One hundred and fifty years ago, no one could mistake the relative power of Europe and China. When the British defeated the Chinese in the First Opium War, they imposed an indemnity, took Hong Kong, and forced open more Chinese ports to British merchants. They demanded extraterritoriality for British citizens, exempting them from Chinese law. Other Western powers extracted similar privileges.
When this wasn’t enough, the British launched the Second Opium War after the Chinese seized a ship flying the British flag and refused to apologize. The French joined in, and the two together captured Beijing, and burned the emperor’s summer palaces for good measure.
This nasty episode is worth recalling against the backdrop of the Europeans’ begging the Chinese to help bail them out from their debt crisis. What would Lt. Gen. Charles Cousin-Montauban, the commander of the French forces who marched on Beijing, make of Klaus Regling, the commander of the European bailout fund who traveled to Beijing hoping for a helping hand? What would Lord Palmerston, who justified war against China as a matter of honor, think of Nicolas Sarkozy’s supplicating his Chinese counterpart for funds?
The Chinese refer to the period from the middle of the 19th century to the middle of the 20th as “the century of shame.” Now, the shame is all on their former tormentors. The Chinese suffered foreign rule and the breakdown of calcified institutions inadequate to the modern world. No one will conquer the Europeans, but they are laboring under a broken model of governance that has exposed them to the humiliation of asking for Chinese backing for their bailout, and, inevitably, more embarrassments to come.
The Europeans share a misbegotten single currency that is amplifying the inherent problems attendant to the practice of spending money that you don’t have. Perhaps the Greek crisis can be contained, but what if Spain and Italy spin out of control? Europe is trying to fund a “bazooka” big enough to fend off doubtful markets but doesn’t want to — and perhaps can’t — fund it all by itself. Germany is Europe’s economic powerhouse, yet its public debt–to–GDP ratio is already larger than ours.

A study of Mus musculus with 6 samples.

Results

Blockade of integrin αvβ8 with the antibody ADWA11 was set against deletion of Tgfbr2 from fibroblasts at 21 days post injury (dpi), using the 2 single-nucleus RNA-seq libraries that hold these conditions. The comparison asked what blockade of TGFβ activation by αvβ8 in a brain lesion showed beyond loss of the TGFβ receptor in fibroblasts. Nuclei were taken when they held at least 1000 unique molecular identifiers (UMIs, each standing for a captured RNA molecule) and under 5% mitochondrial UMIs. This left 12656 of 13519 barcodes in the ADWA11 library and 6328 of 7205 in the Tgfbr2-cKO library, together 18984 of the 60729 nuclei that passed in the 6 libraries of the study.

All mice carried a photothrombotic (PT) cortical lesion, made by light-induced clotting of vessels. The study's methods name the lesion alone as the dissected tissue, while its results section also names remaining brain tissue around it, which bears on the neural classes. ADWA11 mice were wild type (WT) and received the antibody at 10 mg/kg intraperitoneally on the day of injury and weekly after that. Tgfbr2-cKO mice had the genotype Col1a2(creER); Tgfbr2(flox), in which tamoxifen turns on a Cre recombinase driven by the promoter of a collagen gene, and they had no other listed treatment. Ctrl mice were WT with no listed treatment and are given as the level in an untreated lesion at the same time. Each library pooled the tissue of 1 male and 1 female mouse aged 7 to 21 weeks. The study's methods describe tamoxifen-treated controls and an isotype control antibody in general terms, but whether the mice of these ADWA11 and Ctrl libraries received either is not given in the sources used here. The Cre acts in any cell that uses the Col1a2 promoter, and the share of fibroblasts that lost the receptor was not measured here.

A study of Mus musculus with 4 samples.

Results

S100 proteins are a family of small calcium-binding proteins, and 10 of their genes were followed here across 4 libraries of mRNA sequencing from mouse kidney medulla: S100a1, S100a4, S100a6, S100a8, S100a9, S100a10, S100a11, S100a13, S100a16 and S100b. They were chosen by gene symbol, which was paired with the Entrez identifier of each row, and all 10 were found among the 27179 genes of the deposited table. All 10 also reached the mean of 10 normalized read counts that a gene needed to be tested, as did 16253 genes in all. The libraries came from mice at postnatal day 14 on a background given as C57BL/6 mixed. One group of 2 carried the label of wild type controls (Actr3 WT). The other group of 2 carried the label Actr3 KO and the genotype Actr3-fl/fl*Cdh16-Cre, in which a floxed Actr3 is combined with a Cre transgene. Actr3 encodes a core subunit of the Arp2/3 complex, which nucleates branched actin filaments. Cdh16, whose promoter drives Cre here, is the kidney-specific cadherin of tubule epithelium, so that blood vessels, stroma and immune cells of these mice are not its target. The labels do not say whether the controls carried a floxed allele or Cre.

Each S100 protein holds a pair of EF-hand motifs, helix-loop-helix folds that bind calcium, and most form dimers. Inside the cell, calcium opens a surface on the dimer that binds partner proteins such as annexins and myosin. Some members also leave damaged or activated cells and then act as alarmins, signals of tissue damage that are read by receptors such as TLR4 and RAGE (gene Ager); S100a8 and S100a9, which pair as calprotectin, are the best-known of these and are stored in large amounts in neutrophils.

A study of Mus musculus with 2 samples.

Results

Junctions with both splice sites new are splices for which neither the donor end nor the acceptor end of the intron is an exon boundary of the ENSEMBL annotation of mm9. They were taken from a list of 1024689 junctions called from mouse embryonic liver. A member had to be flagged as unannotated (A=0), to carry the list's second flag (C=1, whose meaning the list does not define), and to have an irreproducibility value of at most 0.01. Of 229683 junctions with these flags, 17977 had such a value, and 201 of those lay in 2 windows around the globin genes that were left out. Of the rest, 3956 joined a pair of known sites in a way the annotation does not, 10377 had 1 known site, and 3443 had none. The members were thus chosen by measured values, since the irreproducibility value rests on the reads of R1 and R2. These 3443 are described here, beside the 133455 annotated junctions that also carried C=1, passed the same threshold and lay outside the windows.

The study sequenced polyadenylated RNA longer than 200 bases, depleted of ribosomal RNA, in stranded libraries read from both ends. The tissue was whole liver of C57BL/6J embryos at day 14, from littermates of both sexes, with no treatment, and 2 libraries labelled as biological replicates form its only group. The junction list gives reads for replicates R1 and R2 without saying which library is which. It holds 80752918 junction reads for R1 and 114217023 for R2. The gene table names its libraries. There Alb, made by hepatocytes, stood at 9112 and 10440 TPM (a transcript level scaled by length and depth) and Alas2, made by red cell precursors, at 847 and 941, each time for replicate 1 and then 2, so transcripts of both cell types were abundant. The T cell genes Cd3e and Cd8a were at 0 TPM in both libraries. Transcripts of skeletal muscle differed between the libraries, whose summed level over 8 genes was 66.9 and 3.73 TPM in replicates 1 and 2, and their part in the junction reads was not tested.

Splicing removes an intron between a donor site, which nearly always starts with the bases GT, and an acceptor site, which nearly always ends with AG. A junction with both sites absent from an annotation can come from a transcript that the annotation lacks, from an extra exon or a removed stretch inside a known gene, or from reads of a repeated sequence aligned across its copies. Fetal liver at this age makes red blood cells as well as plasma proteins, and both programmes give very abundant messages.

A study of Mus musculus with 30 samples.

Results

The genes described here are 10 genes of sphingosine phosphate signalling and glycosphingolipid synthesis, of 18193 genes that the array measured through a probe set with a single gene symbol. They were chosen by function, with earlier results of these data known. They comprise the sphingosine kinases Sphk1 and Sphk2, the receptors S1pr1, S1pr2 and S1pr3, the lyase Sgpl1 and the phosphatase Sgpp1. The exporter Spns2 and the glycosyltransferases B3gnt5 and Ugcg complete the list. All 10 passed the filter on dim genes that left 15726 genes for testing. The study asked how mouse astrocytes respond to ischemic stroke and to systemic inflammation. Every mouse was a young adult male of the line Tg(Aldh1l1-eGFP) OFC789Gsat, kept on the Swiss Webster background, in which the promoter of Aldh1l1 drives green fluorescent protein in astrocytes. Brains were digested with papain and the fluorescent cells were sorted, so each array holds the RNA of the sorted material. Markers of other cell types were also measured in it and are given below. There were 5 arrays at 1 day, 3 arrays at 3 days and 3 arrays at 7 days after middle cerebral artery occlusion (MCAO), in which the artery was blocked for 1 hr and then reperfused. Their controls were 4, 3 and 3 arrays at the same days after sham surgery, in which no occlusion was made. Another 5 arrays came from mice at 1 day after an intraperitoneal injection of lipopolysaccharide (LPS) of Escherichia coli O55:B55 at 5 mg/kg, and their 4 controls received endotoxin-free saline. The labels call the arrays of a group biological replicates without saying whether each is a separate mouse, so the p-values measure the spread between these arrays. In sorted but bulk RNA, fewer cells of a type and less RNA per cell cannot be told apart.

This is where China and its $3.2 trillion in foreign reserves come in. If China were to contribute to a bailout fund that Europe wants to build up to $1.4 trillion, it would surely ask for concessions in return, such as the Europeans’ dropping their criticism of China’s undervalued currency. China also might wonder why it should come to the rescue of a European Union that still has it under an arms embargo. History comes full circle, with the ascendant Chinese in a position to extract concessions from erstwhile colonial powers.
So far, though, Beijing is not showing any eagerness to jump in to the European-bailout business. For all that it wants a robust European export market, China might be doing the math and realizing that Europe has a problem too big for serial bailouts. The official Xinhua News Agency ran a piece explaining, “Amid such an unprecedented crisis in Europe, China can neither take up the role as a savior to the Europeans, nor provide a ‘cure’ for the European malaise.”
This reversal in fortunes was a long time in coming. Nothing could have stopped the Chinese from adopting more rational, market-friendly policies a few decades ago, and China has proven immune to appeals to allow its currency to appreciate so its exports don’t have such an advantage. What Europe could control was its own destiny. It chose a comfortable, if bankrupting, social democracy and a vast experiment with a single currency. The euro was supposed to be the vehicle and symbol of Europe as a world power, and instead is laying bare its debt-addled decay.
For the United States, listing in a similar direction, the turnabout in Europe’s global position should be of the utmost interest — as a cautionary tale.
— Rich Lowry is the editor of National Review. He can be reached via e-mail: email@example.com.